Philosophy

The Yamas: Brahmacharya

Brahmacharya

The fourth yama, brahmacharya, is the one that often attracts the most discussion – not to mention misconception, which can result in some resistance to it. Many people think of brahmacharya as meaning “continence” or “chastity,” which can feel constricting or irrelevant today. In the strictest sense, it’s about conserving one’s sexual energy (in particular, one’s semen) so that it can be transformed into a more powerful form of energy, or prana. But the yogis I asked about it said this translation was pretty archaic, and somewhat shortsighted, and it doesn’t nearly represent the full concept of brahmacharya.

Brad Waites, the director of the College of Purna Yoga in Vancouver, loves batting around interpretations of the yamas. He says that the classical definition of brahmacharya is misleading, since what brahmacharya actually asks us to do is to think about where we’re putting our energy – sexual or otherwise. And, if we’re expending it in useless places, to figure out how to redirect it. “In the long run,” says Waites, “brahmacharya is about allocation: using your resources effectively to achieve your aspiration. To hone our practice of this principle, we must learn to conserve and not waste energy on things that do not serve our purpose.”

Nice point. In other words, we always have a choice between frittering away our energy on not-so-purposeful actions (and thoughts and worries), and directing them towards those that will serve us better and lead to more happiness, purpose, sense of union. And brahmacharya, if you want it to be, can be as simple as that.

If we do want to think about brahmacharya in a more sexual sense, there are still some really interesting and wide-ranging ways to interpret it. Sharon Gannon, of Jivamukti Yoga School, says that her understanding “is that the practice of brahmacharya means not misusing sex. Brahmacharya means ‘to respect the creative power of sex and not abuse it by manipulating others sexually.’” If we want to be more in unison with the Universe, she says, directing our sexual energy in smart ways is a means to get there. So rather than going to the bar to pick up a one-night stand, we could pour that energy into other places – cultivating more lasting relationships with others, with work, with ourselves, or with yoga. “Brahmacharya is a way to get to God… When sexual energy is directed wisely,” she adds, “it becomes a means to transcend separation, or otherness. When sexual energy is used to exploit, manipulate, or humiliate another, however, it propels us into deeper separation and ignorance (avidya).”

Taking this idea further, Gannon mentions a point to which she’s devoted much of her book Yoga and Vegetarianism – and this is the way in which humans, as a matter of business, misuse the reproductive capabilities of food animals. She tells me that “the sexual abuse of animals is ingrained in our culture, and it expresses itself in the practice of breeding, genetic manipulation, castration, artificial insemination, forced pregnancy, routine rape, and child abuse, which all fall under the category of ‘animal husbandry.’”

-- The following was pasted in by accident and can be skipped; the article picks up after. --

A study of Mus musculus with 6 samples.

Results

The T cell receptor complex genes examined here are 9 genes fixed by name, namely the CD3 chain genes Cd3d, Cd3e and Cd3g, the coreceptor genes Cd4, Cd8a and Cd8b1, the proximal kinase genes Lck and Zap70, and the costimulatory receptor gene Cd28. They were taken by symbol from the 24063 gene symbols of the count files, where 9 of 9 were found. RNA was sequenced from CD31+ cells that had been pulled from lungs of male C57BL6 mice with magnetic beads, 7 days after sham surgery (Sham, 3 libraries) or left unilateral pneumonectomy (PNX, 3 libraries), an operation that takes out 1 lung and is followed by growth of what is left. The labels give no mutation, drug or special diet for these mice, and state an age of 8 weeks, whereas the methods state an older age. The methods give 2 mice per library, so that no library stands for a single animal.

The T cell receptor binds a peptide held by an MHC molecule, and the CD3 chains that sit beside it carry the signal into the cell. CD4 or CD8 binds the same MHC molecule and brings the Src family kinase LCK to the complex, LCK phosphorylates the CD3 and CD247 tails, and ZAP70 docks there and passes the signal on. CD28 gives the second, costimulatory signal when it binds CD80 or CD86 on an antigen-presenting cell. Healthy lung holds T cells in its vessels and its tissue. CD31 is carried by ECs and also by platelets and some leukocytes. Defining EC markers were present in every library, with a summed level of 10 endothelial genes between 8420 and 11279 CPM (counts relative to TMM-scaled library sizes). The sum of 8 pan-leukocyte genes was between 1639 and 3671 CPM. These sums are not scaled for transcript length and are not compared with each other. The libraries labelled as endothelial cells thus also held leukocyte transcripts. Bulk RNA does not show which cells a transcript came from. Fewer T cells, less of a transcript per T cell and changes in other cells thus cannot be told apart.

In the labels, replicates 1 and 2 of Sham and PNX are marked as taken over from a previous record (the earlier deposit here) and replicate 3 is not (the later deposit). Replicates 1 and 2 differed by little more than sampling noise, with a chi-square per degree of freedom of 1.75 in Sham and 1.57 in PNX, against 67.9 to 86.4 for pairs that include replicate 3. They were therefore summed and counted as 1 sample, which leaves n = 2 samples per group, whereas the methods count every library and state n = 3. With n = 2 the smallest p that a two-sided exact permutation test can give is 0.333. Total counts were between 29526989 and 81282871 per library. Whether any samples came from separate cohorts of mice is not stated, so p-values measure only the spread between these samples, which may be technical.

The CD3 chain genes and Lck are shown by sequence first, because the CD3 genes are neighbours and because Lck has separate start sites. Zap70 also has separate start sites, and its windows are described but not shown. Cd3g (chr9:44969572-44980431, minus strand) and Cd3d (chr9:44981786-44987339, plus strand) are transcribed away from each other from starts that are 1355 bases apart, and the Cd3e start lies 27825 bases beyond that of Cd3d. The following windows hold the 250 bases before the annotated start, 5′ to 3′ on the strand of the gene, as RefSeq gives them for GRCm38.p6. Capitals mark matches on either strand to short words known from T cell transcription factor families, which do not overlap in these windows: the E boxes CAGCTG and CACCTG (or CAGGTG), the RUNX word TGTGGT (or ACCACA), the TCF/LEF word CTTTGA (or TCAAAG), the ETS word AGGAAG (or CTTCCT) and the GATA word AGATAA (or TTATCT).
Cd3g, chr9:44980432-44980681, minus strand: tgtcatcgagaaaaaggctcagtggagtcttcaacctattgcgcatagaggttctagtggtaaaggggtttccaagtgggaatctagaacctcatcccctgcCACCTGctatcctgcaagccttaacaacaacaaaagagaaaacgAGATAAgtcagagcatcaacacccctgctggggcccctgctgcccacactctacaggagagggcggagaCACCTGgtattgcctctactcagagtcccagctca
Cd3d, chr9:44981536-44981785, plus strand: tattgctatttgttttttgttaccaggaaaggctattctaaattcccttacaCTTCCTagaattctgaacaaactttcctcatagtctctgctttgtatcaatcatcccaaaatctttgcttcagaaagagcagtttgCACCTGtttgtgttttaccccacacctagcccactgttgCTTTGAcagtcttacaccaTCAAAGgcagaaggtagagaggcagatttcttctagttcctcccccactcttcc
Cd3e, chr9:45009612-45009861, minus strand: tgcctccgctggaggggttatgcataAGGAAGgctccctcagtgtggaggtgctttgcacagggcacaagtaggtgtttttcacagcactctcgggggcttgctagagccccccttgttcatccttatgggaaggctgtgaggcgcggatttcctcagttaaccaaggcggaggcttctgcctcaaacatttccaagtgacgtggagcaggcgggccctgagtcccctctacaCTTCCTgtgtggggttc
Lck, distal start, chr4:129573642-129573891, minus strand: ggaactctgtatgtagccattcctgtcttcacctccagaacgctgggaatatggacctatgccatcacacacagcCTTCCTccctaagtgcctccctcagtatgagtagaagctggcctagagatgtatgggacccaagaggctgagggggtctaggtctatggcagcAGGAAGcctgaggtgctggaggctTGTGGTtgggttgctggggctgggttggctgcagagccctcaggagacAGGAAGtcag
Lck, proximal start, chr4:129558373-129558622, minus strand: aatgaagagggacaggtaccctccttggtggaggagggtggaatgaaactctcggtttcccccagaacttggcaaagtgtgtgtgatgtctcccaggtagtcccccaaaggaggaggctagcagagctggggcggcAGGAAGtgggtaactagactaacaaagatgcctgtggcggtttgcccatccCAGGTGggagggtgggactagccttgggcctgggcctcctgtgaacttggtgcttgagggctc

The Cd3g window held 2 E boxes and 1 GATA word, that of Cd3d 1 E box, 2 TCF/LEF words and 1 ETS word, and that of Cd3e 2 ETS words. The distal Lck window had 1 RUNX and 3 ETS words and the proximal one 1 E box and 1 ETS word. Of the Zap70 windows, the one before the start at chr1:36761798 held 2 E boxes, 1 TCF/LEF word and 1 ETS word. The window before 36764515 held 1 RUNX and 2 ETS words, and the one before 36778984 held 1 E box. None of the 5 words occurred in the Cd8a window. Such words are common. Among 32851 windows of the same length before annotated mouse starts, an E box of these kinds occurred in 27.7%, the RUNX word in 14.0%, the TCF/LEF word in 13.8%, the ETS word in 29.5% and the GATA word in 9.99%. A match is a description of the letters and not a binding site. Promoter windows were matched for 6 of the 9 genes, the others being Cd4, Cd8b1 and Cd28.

All of these routine animal practices might be considered to be seriously out of alignment with brahmacharya, and this misalignment hurts both them and us. Female food and dairy animals, she says, “are forced to become pregnant over and over again until their fertility wanes, at which point they are slaughtered and eaten. Male animals chosen to be sperm donors are sexually abused repeatedly, live in constant frustration, and in the end are slaughtered as well. Such practices are violent, crass and degrading to animals, as well as dehumanizing for the farm workers paid to do this work.”

She adds that, for their sakes and ours, brahmacharya (along with other yamas, like ahimsa, in particular) would ask us to rethink how we treat animals. “Expanding love, kindness and compassion to include all others – animals as well as the earth Herself – is our next big step in human consciousness. Please excuse me, but I cannot overlook the ‘animal issue’ in terms of the yamas.” Obviously, this is a point that’s close to her heart, and she makes a good case for it.

Like the other yamas, brahmacharya is subject to interpretation, but in the end, it has a lot to do with balance, and how we choose to use or “invest” our resources. “Each and every act and thought is an outflow of energy,” says Reverend Jaganath of the Yoga Life Society. “Some thoughts and actions offer beneficial dividends, while others simply drain our resources. In the name of continence, we are asked to be wise investors.”

At their heart, it seems like the yamas all center around intuitive ways of being, and of treating ourselves and others, so that we can be more connected internally and externally. Gannon sums up all five yamas in brilliantly simple terms: “The yamas are about how to treat others – to achieve the aim of dissolving otherness. As Patanjali [the writer of the Yoga Sutras] lists: As long as you see others and not the “One” – not the Self – then don’t hurt them, don’t lie to them, don’t steal from them, don’t abuse them sexually, and don’t be so greedy as to cause them to become impoverished.” And that pretty much says it all. We’ll wrap up the yamas next time with the fifth yama, aparigraha, or non-greed.

What are your thoughts on brahmacharya? What are some interpretations that we may have missed? 

Alice G. Walton, PhD is a health and science writer, and began practicing (and falling in love with) yoga last year. She is the Associate Editor at TheDoctorWillSeeYouNow.com and a Contributor at Forbes.com. Alice will be exploring yoga’s different styles, history, and philosophy, and sharing what she learns here on the YogaGlo blog. You can follow Alice on Twitter @AliceWalton and Facebook at Facebook.com/alicegwalton.